POSTED: Thursday, June 20, 2013 - 5:12pm
UPDATED: Friday, June 21, 2013 - 9:43am
BROWNSVILLE, TEXAS (KVEO NEWSCENTER 23) — The American Medical Association has officially declared obesity a disease...and that reclassification could have a huge impact on the Rio Grande Valley, where 80 percent of the population is clinically obese.
"We have a very high rate of obesity in the valley, and I think we can also look at the schools too. The schools need to make PE and exercise an important part of the curriculum for the children."
"Because obesity is occurring more and more in children nowadays, nutritionists are encouraging children to spend more time outside."
Other obesity issues in the Valley could be because of cultural habits as well.
"A lot of people of Mexican descent are more genetically prone to obesity and diabetes, uh, once they reach a certain amount of body fat."
Because Texas is a state that has high employment, our lifestyles can get in the way of taking care of our bodies too.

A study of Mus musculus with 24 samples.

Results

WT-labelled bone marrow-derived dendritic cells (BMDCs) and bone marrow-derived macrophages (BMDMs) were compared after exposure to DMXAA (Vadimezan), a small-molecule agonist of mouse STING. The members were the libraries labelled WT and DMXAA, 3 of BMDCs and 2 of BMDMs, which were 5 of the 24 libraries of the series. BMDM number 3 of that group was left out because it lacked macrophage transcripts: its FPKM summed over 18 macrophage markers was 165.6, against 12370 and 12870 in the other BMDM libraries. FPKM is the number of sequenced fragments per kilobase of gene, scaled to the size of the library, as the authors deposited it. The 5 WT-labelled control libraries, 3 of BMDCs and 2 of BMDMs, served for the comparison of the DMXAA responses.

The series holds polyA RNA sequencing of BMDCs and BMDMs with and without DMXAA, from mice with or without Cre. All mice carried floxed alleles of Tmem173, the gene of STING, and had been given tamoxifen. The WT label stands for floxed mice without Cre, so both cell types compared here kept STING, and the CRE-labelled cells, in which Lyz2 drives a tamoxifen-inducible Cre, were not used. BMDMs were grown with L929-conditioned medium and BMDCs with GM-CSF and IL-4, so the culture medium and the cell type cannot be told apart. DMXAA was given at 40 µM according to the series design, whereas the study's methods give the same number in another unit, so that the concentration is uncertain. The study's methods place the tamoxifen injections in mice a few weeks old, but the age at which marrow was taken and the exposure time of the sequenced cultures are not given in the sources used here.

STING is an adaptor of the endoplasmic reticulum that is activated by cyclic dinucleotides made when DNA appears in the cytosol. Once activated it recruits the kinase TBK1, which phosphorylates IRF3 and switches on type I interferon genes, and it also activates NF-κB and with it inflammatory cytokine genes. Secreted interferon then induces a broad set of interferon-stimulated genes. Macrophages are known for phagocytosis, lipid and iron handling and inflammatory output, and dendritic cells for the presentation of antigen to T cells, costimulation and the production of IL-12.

"In this society basically a lot of people don’t have time to do exercise because of work and also we have some fast food, in which we serve a lot high-calorie, you know, plates."
"What we want to see is half of somebody’s plate either filled with salad, vegetables or fruits, and then the other quarter of the plate, a starch, a grain-a whole grain preferably and then the other quarter protein."
With the declaration of obesity as a disease rather than a condition, some insurance can now cover payment of more conditions caused by obesity. But beware: although the Rio Grande Valley is considered the most overweight region in the US, Medicare plans will not cover conditions caused by obesity in this area.
Reporting in Brownsville, Marty Watson, KVEO News Center 23.